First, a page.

Refusing to serve women or people of colour is not an act of “conscientious objection”.
It is simply discrimination.
Extract (full submission below)
As one of the historic peace churches, Quakers have a long history of conscientious
Objection, back to the 17th century when the first generation of Quakers proclaimed their
absolute opposition to fighting wars “under any pretence whatsoever”. At times, Quakers
have suffered legal penalties for this stand even as Quakers sought through efforts such
as the Friends Ambulance Unit in World War I and subsequently to relieve the suffering
of the wounded.
We consider that conscientious objection has developed a clear meaning over the years. It
means taking a principled stand against harming your fellow human beings or other living
creatures. The clearest example of this is the refusal to take up arms.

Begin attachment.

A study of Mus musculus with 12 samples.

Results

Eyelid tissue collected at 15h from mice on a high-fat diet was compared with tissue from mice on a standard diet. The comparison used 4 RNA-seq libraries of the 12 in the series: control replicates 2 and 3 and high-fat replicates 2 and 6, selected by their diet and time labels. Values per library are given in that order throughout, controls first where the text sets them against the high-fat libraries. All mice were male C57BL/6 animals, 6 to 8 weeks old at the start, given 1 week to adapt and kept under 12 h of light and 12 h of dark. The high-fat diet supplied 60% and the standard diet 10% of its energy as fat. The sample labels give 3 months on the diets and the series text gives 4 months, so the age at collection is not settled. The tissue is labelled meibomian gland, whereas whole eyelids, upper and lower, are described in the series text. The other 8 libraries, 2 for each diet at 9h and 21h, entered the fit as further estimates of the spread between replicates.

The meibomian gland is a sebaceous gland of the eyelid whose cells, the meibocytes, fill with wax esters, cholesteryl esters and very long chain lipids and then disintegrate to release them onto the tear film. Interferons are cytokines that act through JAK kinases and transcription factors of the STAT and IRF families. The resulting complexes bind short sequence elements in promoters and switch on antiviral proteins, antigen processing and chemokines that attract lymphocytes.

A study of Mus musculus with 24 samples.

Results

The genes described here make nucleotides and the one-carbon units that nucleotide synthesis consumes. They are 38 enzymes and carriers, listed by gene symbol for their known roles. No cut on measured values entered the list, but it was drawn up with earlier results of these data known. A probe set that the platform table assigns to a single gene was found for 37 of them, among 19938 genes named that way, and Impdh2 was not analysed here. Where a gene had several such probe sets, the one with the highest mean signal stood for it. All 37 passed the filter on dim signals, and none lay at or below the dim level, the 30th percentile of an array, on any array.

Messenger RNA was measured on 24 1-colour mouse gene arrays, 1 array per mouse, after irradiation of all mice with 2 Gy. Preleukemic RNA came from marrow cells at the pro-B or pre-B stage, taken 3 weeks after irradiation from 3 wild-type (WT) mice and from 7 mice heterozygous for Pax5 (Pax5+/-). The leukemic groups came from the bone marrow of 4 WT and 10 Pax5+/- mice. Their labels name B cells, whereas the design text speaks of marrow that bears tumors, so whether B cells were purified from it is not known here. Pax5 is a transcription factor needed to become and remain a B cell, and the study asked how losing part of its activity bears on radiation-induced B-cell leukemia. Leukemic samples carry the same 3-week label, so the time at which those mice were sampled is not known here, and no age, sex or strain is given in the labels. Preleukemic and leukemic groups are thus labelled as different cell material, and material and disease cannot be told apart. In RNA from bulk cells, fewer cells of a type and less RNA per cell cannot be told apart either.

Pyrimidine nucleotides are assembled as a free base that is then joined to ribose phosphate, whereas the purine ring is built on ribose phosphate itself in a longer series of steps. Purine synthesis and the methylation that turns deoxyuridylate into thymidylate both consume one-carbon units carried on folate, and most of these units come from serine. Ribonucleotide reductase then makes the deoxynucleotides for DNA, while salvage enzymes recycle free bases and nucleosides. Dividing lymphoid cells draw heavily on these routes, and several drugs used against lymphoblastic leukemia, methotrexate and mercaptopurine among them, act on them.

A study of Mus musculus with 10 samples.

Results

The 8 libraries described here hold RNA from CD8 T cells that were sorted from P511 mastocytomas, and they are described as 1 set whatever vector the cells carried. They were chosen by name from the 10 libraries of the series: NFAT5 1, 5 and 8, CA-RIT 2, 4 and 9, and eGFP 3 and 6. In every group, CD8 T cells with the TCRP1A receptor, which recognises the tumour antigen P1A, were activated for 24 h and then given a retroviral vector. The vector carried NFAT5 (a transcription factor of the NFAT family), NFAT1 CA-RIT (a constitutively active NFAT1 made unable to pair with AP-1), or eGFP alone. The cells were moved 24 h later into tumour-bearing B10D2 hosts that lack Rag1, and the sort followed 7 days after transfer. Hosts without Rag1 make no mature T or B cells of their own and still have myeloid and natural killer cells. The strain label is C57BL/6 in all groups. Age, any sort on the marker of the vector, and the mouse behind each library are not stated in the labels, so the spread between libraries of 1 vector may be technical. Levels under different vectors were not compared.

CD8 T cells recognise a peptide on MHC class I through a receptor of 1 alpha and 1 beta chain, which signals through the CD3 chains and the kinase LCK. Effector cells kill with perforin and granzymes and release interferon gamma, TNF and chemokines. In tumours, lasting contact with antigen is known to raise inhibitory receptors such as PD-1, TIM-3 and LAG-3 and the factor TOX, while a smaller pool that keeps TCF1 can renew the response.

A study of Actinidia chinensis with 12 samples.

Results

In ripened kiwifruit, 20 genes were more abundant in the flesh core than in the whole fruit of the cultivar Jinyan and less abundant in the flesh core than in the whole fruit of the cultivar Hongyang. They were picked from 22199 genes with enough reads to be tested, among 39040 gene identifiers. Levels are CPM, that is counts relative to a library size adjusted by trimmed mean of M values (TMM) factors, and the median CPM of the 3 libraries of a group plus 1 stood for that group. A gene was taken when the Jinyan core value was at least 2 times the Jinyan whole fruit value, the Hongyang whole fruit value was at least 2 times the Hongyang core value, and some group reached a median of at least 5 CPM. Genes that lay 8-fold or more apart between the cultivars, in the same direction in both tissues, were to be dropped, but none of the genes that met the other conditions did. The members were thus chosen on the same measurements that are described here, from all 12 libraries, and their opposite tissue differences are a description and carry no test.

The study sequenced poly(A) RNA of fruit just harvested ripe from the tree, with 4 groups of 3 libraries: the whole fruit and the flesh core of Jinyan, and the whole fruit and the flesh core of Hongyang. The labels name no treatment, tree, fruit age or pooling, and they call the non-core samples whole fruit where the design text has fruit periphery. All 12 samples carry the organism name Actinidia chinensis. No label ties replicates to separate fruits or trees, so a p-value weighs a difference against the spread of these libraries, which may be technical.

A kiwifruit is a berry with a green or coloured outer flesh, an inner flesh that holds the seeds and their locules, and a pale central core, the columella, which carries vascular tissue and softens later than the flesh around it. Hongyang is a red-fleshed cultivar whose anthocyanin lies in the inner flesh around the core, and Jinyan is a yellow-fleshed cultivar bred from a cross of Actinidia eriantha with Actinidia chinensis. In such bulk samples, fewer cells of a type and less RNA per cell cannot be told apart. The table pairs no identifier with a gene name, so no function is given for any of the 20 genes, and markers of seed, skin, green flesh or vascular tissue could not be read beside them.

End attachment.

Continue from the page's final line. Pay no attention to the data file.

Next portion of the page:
Conscientious objection does not refer to just any strongly held personal belief. For
example, no matter how strongly you hold the conviction, refusing to serve women or
people of colour is not an act of “conscientious objection”. It is simply discrimination.
According equal rights to all, including to use commercial services provided by a
business, harms no-one. A religious person is not forced to alter their beliefs or their
religious observances by providing a service in an ordinary commercial situation. On the
other hand, refusing to provide services to people based on their inherent characteristics
harms the person discriminated against. Such harm is compounded where there may be
only a limited number of providers of certain services, such as in small and remote
Quakers recommend that any legislative recognition of a right to conscientious
objection on religious grounds be strictly limited to cases where the conscientious
objector objects to causing demonstrable harm to another person or living creature.